The Bush Administration, with the willing help of its stooges in Congress and the media, are playing the shell game again. In order to distract us from the latest horrific news from Iraq, they parade out one phony traitor or betrayer of American values after another. Orrin Hatch wanted us to believe that a Constitutional amendment to stop those treasonous flag burners was the most important thing that Congress could spend its time on. The President addressed the nation to discuss the trumped up issue of illegal immigration. His solution is to send the National Guard to protect the borders. Of course, 40 of the 50 states need their National Guard units for real crises and have refused to send them for border silliness. As of this week, Bush has been unable to find 1/2 of the necessary troops.
And, of course, there are the usual scapegoats like gay couples who seek marital rights and those defeatist “cut and run” Democrats who hate America and the troops.
Why do they do it? Because it works. The American public becomes mesmerized by the moving shells, the sleight-of-hand fear mongering, that keeps us constantly anxious. We want someone to protect us from evil and we appear to be more than willing to give up our civil rights for that protection.
The latest “traitors” are the press, particularly the New York Times, who made the mistake of informing the American public about the Bank Record/SWIFT program. The Sunday cable news and the right wing bloggers have been heating up the rhetoric daily. The idiocy peaked when the House Republican leaders introduced a resolution condemning The New York Times for publishing the story.
What we found under one shell this morning was another Bush lie. At his press briefing last Monday the following exchange took place:
Q Sir, several news organizations have reported about a program that allows the administration to look into the bank records of certain suspected terrorists. My questions are twofold: One, why have you not gone to Congress to ask for authorization for this program, five years after it started? And two, with respect, if neither the courts, nor the legislature is allowed to know about these programs, how can you feel confident the checks and balances system works?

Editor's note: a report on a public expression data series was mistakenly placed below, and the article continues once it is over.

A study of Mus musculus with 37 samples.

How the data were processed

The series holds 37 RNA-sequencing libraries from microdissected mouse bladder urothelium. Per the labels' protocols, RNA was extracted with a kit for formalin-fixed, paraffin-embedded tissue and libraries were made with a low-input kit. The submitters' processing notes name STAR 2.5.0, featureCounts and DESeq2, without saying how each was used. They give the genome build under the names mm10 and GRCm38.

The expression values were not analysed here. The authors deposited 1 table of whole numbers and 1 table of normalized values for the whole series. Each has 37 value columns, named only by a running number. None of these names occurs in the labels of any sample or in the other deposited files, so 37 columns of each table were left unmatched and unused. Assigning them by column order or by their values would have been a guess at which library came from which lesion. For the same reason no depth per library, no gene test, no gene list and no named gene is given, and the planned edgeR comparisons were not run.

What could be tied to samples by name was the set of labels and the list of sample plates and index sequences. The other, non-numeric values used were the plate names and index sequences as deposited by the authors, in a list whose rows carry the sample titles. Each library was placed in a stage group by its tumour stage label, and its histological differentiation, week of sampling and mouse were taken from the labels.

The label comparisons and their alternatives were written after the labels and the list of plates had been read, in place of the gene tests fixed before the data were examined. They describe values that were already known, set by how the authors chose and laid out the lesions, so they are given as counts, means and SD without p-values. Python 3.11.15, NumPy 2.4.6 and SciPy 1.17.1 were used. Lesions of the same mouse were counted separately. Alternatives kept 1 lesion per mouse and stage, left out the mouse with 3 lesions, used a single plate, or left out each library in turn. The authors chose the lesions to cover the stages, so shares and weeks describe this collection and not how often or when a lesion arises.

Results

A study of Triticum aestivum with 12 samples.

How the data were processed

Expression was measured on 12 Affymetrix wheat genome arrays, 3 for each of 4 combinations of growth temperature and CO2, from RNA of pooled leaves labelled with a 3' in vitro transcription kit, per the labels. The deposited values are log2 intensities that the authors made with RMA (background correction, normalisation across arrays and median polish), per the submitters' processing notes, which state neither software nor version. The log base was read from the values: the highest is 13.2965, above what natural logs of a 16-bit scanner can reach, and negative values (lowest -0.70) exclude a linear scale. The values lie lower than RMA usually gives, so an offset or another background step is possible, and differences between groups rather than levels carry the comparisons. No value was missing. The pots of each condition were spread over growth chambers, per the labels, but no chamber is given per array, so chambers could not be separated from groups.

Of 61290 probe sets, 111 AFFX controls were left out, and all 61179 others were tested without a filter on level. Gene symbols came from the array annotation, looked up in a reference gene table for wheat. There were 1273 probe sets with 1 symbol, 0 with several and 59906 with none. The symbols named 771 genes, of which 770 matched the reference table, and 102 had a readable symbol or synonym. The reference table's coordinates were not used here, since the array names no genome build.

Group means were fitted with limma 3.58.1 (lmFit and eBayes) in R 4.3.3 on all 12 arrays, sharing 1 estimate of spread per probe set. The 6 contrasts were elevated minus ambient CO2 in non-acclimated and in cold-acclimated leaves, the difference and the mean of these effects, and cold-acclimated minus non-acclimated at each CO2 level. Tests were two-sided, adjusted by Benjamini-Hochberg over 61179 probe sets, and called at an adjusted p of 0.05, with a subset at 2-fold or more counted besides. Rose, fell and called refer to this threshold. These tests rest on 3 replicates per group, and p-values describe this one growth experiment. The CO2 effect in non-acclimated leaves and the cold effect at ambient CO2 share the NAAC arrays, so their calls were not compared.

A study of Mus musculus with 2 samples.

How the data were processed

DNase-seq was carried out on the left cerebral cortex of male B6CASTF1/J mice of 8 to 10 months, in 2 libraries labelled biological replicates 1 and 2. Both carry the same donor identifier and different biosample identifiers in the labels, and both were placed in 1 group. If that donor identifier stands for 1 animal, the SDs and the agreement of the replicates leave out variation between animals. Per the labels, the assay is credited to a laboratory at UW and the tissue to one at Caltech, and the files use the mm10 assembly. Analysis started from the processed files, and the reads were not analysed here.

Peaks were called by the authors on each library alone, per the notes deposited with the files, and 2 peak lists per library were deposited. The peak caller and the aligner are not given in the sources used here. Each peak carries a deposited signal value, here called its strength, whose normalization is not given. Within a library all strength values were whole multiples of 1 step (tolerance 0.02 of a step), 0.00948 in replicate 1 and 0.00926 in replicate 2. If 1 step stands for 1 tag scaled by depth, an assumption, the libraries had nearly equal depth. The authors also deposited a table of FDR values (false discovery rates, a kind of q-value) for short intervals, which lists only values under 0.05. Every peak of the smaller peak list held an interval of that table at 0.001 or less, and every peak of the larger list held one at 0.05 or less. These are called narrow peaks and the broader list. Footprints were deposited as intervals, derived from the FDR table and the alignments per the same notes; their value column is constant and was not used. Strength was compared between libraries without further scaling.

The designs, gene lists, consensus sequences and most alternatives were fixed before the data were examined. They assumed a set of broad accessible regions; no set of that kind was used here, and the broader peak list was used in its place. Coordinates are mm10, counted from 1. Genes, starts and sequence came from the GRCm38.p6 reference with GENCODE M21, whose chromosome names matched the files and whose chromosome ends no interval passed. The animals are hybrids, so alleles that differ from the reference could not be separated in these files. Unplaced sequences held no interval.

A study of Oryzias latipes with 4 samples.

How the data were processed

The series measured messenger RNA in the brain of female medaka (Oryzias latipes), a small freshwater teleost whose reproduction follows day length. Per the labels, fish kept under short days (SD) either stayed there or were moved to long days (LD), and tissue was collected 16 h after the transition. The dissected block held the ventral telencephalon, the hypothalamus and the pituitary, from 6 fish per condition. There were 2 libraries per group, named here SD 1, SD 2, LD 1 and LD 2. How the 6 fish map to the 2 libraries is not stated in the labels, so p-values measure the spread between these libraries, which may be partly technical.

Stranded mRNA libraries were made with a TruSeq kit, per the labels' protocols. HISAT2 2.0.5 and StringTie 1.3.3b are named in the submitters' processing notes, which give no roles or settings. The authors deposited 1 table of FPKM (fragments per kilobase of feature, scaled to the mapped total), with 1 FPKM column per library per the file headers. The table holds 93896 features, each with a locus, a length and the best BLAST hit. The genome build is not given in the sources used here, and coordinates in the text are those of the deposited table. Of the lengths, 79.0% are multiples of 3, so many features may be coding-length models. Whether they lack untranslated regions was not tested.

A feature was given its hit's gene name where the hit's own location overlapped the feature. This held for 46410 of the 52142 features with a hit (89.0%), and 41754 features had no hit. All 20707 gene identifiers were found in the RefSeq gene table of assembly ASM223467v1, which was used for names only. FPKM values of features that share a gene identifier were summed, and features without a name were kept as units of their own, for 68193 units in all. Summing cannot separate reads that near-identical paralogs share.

THE PRESIDENT: Congress was briefed. And what we did was fully authorized under the law. And the disclosure of this program is disgraceful. We’re at war with a bunch of people who want to hurt the United States of America, and for people to leak that program, and for a newspaper to publish it does great harm to the United States of America. What we were doing was the right thing. Congress was aware of it, and we were within the law to do so.
The administration is required by law to inform all members of the intelligence committee on all intelligence programs. Yet, Sen. Diane Feinstein, a member of the Intelligence Committee, told George Stephanopoulos that she was not briefed until it was clear that the New York Times was publishing the story.
STEPHANOPOULOS: The White House said they briefed the Congress on this matter and there is no law called into question. Do you believe that a law is called into question and that this program might have been illegal?
FEINSTEIN: Well, I’m on the Intelligence Committee. I can tell you when I was briefed and when the committee was briefed — and that was when it became apparent that the New York Times had the story and was going to run it. And that’s when and why they came to us and briefed us.
STEPHANOPOULOS: So you knew nothing about it before the New York Times was asking questions?
FEINSTEIN: That’s correct.
Of course, this continuing shell game works as long as the “punter” (gullible public) is willing to play. According to the latest Time Magazine poll, the President’s approval rating continues to fall to 35%, down from 37% in March . I think we can assume that the Bush team will become more and more strident as the November elections approach. Let’s hope the public refuses to play.